Datameer isn’t the only company with an updated set of tools designed to bring Hadoop to the business masses: Karmasphere announced a new version of its eponymous Big Data platform June 11, with an emphasis on self-service analysis and data visualization.
Hadoop is a framework for reliably running applications on large hardware clusters, and prized by many companies for its ability to scale from relatively few servers to thousands.
Karmasphere 2.0 includes a Web-based social interface, which supposedly will allow workers to more easily collaborate over data. Its creators have apparently made it compatible with any Hadoop distribution; the platform also leverages Apache Hive, the Hadoop SQL standard. Analysis involves submitting Hive SQL queries natively against Big Data; workers can view data as an interactive table complete with filterable statistics and histograms.
In a departure from similar releases, wherein the IT vendor tends to emphasize its tool’s supposed ease of use, Karmasphere is choosing to focus on the collaborative elements of its platform update. “For data-driven companies, finding and acting on Big Data Insights is about helping teams of people more effectively collaborate to discover, reuse and share their learnings and insights,” Gail Ennis, CEO of Karmasphere, wrote in a June 11 statement.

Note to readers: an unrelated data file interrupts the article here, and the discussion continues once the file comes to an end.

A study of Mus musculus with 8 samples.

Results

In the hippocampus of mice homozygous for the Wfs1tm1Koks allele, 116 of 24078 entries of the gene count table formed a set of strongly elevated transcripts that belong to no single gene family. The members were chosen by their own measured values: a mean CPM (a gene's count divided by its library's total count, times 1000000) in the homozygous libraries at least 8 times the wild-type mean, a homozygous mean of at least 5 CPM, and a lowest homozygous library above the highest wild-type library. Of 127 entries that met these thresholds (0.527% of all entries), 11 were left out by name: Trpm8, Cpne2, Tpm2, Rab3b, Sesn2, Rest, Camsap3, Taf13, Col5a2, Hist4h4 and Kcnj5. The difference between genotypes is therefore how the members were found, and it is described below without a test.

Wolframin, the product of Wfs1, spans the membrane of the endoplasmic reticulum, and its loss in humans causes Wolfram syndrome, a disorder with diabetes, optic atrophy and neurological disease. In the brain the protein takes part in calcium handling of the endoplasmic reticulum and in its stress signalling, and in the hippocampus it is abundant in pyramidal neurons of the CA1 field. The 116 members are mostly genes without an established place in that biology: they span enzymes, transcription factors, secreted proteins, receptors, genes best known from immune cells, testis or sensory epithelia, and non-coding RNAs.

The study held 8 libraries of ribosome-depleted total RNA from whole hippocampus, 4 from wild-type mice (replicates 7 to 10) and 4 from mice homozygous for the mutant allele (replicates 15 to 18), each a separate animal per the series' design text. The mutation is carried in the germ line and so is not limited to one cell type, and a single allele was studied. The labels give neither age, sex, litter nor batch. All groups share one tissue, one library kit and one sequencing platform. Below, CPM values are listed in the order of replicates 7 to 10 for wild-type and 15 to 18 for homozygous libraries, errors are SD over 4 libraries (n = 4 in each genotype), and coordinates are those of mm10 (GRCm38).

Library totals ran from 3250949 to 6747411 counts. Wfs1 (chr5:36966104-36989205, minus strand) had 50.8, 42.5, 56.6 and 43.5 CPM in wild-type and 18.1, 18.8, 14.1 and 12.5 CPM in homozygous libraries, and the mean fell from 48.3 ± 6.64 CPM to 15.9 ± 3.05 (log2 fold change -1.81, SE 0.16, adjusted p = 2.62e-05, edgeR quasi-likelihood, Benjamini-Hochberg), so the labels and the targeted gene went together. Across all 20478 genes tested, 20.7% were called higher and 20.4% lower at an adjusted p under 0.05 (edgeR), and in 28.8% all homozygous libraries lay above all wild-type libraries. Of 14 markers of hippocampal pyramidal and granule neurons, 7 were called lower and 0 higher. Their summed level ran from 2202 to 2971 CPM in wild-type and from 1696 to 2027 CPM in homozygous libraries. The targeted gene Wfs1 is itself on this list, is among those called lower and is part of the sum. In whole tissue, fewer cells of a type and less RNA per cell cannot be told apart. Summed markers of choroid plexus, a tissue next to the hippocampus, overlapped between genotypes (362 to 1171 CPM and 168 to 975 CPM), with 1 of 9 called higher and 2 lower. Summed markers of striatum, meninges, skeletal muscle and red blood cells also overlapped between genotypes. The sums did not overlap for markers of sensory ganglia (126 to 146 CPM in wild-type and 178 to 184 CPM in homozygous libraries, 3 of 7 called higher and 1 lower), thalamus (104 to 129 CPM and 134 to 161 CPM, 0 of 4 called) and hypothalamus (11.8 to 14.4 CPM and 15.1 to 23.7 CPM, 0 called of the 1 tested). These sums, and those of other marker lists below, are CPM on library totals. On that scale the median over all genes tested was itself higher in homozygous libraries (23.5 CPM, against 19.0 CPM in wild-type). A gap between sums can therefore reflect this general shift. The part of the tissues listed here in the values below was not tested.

“By working with companies who are at the forefront of Big Data Analytics,” she added, “it has become obvious that data scientists, analysts and business users all need to work together to leverage Big Data Insights that can make a real difference.”
Datameer also chose June 11 as the date for rolling out the updates to its own data analytics platform. In addition to what the company calls a “simple spreadsheet interface” that leverages Hadoop for crunching data, Datameer 2.0 offers simultaneous data integration, dynamic data management, and self-service analytics; its newest supported data sources include Twitter, Facebook, COBOL, and Netezza.
Individual features aside, the Datameer and Karmasphere releases illustrate the increasing importance of Hadoop to both IT vendors and companies with large amounts of data to digest.
Indeed, third-party research firms see Hadoop as ripe for expansion. IDC predicts that revenues for Hadoop-MapReduce ecosystem software (MapReduce is another framework for processing problems across huge datasets and clusters of machines) will increase from $77 million in 2011 to $812.8 million in 2016.
“Hadoop and MapReduce are taking the software world by storm, inspiring a wide range of products that collect both structured and unstructured data and producing output that may be used to answer a single question,” Carl Olofson, program vice president for IDC’s Information Management software research, wrote in a May 7 statement accompanying that revenue data. The software, he added, can also “serve as the foundation for a range of other questions, queries or searches.”
But startups and midsize IT vendors aren’t the only companies looking to create B.I. tools that effectively leverage Hadoop; tech behemoths ranging from Dell to IBM are also integrating the framework into their own offerings—leading to that revenue uptick predicted by IDC, while making competition in the space that much fiercer.